Europe should speed up negotiations for a free trade agreement with the UK to avoid a ‘hard Brexit’ with the return of borders, duties and controls on goods. This is the opinion of the Italian farmers association, CIA – Agricoltori Italiani, on the occasion of the ‘Brexit day’ (January 31st).
This opinion was expressed during a debate where an important collaboration between CIA and KPMG (global leader in professional business services) was announced, with the aim of supporting companies at risk due to Brexit.
AFTER BREXIT: THE OPINION OF ITALIAN FARMERS
“The future of bilateral relations between the two sides of the Channel – CIA explains – requires maximum attention to support Italian agri-food exporting companies. They invoice 3.4 billion out of a total of 24, equal to 14% of total Italian exports to the UK. It is, therefore, a fundamental negotiation for all the 40 thousand national companies selling across the Channel.”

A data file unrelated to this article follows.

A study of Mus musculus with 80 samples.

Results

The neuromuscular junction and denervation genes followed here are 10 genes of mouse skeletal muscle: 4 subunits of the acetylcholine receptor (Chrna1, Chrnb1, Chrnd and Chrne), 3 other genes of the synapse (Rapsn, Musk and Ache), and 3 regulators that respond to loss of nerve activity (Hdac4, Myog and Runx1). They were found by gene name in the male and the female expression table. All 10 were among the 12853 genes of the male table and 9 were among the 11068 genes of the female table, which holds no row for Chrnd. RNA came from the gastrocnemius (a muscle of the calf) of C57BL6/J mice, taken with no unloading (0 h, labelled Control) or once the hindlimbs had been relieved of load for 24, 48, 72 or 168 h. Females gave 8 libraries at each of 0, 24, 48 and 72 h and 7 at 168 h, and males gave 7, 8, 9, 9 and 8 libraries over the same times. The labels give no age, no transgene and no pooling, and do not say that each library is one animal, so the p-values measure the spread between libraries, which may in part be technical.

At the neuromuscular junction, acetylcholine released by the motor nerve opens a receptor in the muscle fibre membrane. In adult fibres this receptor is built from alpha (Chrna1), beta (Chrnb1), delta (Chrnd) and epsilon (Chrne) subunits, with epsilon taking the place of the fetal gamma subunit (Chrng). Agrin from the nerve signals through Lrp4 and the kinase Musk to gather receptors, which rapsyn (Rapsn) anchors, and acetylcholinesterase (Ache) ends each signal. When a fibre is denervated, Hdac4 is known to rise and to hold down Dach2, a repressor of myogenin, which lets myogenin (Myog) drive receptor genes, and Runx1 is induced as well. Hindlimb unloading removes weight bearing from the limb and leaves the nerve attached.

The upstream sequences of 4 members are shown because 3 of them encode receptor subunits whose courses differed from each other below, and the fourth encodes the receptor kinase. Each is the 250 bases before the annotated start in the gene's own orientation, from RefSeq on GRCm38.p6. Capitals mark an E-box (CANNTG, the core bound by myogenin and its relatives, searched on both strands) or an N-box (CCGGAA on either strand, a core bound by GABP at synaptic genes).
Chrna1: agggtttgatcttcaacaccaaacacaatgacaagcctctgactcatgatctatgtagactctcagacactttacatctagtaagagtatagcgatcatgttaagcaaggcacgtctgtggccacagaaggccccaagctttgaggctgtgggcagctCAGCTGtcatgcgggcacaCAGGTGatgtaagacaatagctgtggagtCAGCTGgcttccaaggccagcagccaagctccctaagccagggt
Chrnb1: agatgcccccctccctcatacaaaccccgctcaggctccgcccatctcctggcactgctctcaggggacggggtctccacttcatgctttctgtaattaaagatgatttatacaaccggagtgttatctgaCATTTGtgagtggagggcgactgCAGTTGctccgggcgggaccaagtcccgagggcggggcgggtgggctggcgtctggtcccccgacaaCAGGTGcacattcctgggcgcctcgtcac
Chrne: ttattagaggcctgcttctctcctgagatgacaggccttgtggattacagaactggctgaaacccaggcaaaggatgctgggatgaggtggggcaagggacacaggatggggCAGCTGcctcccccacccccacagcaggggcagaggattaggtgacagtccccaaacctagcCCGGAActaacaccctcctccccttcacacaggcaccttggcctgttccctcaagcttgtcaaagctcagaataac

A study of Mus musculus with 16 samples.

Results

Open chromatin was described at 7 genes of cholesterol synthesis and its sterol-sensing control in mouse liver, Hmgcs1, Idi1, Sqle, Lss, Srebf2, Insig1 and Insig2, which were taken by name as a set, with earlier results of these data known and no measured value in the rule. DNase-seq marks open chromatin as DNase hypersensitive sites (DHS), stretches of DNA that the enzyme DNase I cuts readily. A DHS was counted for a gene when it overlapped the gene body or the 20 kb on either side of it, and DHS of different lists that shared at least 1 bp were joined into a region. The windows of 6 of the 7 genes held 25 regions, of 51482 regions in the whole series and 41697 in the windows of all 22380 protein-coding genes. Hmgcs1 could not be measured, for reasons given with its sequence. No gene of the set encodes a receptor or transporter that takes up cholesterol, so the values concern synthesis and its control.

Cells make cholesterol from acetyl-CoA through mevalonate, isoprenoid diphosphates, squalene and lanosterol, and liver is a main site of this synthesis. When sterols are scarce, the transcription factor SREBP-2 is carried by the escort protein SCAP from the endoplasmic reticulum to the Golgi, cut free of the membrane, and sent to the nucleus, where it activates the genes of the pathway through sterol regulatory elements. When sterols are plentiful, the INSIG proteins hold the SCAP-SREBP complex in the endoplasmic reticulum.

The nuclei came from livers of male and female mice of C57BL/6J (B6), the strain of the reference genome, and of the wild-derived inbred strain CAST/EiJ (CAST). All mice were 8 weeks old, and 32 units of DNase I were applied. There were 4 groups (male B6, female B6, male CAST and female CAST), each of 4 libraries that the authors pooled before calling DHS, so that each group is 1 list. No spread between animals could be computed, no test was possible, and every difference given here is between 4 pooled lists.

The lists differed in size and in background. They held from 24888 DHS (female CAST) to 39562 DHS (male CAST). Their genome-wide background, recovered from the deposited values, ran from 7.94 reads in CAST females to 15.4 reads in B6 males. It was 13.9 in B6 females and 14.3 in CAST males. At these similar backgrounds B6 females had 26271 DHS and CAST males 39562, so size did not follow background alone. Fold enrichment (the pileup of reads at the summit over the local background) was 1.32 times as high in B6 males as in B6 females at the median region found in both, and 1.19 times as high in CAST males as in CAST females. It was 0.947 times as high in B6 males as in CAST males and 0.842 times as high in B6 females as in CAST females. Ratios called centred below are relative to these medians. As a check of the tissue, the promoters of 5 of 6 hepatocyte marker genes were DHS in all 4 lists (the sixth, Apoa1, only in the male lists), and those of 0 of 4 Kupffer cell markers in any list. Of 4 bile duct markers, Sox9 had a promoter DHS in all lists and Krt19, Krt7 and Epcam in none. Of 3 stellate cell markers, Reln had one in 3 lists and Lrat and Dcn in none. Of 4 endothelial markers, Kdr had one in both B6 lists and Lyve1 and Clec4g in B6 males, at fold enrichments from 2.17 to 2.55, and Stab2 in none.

The United Kingdom is the fourth largest exports market for Italian food and beverage, growing by 2% in 2019 alone. Wine, with over 830 million euros export sales, is still the best-selling product. The dairy sector is also growing (+8%) as well as processed fruit and vegetables (+5%).
CIA AND KPMG TOGETHER TO HELP EXPORTING COMPANIES
“Together with KPMG – CIA says – we are sure to provide companies with the help they need to deal with the economic implications that are inevitable, however, through those specialist skills that are fundamental to maintaining competitiveness on the national and international markets. The process will be neither short nor easy. The EU-Canada agreement, for example, took seven years of negotiations.
We know that one year will not be enough, that’s why CIA is working to provide companies with the tools to understand and manage change,” said the national president of CIA, Dino Scanavino. “In any case, it is essential that Europe remains the protagonist of a privileged relationship with the United Kingdom, so that an agreement can be reached. Starting with the maintenance of quality standards on products, even if the final goal is an agreement without tariffs.”